Put Me In Coach

There’s always that one person who breezes into section, not a hair out of place, seemingly carefree. When she opens

There’s always that one person who breezes into section, not a hair out of place, seemingly carefree. When she opens her perfectly organized folder, a straight A paper peeks out. As she leaves class, her cell phone rings with a call from one of her many admirers.

According to Dennis Gaudet, this picture-perfect life can be yours—for a small fee. He promises a better life, with “virtually no concerns or problems.” He brags that he can help you get “as many truly great friends as you want” while showing you how to “have great time in life.”

Though he promises the moon, Gaudet is no fairy godmother. He’s not even a licensed psychologist. He is, by his own description, a life coach. So far, six Harvard students have signed up for his daily dish of encouragement, enthusiasm and empathy.

Each week, 45-year-old Gaudet speaks with his client for a few hours on the phone, helping them to form concrete plans for achieving abstract goals. He says, “Coaching is very experimental. I try to get people from where they are to where they want to be.” Gaudet continues, “It’s like being in a lab—sometimes you get a cure for cancer and sometimes you get glop. It’s okay, you just try something else.”

Though Gaudet is not at Harvard as an official campus life coach, he is an University employee. On a typical day, he works as a teaching assistant for the Extension School, teaching several classes a day in both introductory psychology and basic math. Outside the classroom, Gaudet spends much of his day on the phone, talking clients through all sorts of personal issues, ranging from the mundane to the bizarre. “I actually had a client who wanted to work on his relationship with his dog. The man was a control freak and his dog was apparently a free spirit.”

The Boston native emphasizes that life coaching is different from therapy because of the former’s emphasis on concrete methods, as opposed to Freudian free association. Despite this, Gaudet certainly sounds like a therapist, admitting that his coaching “always dove-tails back into the personal,” he says. “The best thing I can do is to provide a place for people to be vulnerable. This is typically not allowed in society.”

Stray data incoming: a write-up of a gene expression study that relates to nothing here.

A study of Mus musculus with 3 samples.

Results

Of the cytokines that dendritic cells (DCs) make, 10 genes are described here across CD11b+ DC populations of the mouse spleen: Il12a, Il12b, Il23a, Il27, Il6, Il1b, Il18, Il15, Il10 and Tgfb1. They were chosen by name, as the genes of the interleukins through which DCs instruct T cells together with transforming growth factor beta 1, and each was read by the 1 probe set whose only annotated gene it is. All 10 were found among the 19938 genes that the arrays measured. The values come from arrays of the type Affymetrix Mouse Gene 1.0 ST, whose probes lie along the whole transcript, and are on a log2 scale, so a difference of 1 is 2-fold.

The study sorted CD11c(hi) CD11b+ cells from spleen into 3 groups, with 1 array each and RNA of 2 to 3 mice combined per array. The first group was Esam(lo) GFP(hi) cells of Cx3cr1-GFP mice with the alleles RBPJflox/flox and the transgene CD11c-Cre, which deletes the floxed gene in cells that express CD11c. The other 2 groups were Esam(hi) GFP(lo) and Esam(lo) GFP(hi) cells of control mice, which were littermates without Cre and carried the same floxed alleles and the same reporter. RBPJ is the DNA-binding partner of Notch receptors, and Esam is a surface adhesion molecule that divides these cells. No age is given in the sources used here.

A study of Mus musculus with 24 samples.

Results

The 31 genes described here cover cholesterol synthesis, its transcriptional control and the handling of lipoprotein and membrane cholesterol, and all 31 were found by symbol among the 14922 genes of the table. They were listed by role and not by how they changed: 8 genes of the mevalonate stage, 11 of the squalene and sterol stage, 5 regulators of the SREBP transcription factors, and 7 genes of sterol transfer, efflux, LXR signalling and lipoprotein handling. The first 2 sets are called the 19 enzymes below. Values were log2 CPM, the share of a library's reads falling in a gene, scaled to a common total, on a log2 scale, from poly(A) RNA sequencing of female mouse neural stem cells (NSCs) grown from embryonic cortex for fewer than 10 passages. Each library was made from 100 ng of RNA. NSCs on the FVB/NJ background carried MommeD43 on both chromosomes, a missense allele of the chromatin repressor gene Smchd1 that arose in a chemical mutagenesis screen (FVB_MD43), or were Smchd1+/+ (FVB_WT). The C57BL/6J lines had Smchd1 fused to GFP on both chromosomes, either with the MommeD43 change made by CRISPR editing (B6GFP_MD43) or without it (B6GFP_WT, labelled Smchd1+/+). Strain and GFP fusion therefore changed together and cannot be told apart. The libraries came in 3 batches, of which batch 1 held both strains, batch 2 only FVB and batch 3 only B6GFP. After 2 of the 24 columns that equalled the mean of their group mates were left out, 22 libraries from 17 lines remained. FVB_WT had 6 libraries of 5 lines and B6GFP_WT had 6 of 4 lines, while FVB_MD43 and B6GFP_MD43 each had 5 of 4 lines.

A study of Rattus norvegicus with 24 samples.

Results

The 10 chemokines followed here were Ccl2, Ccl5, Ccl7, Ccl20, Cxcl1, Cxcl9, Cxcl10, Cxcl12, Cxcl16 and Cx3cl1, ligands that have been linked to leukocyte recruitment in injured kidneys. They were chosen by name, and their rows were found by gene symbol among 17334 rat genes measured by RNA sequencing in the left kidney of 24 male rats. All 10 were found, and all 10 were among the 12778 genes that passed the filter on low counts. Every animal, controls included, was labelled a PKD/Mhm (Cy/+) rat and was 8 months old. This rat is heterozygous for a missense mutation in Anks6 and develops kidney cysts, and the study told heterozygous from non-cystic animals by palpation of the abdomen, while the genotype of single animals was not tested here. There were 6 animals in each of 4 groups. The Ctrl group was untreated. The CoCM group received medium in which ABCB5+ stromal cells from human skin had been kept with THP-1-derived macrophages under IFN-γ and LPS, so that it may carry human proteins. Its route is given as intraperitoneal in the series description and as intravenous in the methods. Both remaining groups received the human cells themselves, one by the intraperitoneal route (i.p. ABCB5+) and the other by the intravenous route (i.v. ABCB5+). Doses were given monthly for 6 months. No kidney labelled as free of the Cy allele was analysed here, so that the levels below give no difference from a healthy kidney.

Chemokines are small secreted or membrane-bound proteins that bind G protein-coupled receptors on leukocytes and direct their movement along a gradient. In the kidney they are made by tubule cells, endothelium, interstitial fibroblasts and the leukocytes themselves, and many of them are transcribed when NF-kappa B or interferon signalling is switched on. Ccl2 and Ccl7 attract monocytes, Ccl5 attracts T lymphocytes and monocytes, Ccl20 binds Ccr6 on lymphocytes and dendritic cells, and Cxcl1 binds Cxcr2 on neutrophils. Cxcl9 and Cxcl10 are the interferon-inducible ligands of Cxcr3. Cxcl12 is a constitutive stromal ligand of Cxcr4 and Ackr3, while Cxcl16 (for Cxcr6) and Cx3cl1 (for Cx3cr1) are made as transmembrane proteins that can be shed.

Stephen Blinn, 29, an employee at the Undergraduate Degree Office and a student at the Extension School, has only positive things to say about Gaudet. “I’ve been working with him for about three years, and I’ve seen improvement in my diet, my exercise, my working—my lifestyle basically.”

In his male-dominated clientele, Gaudet has noticed a pattern: the “big fish in a small pond syndrome.” He explains, “Attending this University comes with a lot of expectations. Kids feel that they need to live up to the name. Either they’re legacies and it was ordained from birth that they attend, or this is their first step up, and they feel like they don’t fit in.”

For Gaudet, the coaching doesn’t stop when the clock strikes five. He says, “My guy friends sometimes pull me aside to ask for advice. I have to make it clear if it is an off night.” Laughing, he says, “I tell them, ‘Do you want me to answer as a life coach or as a friend?’ Because if you want me to answer as a life coach, I’ll send you a bill.”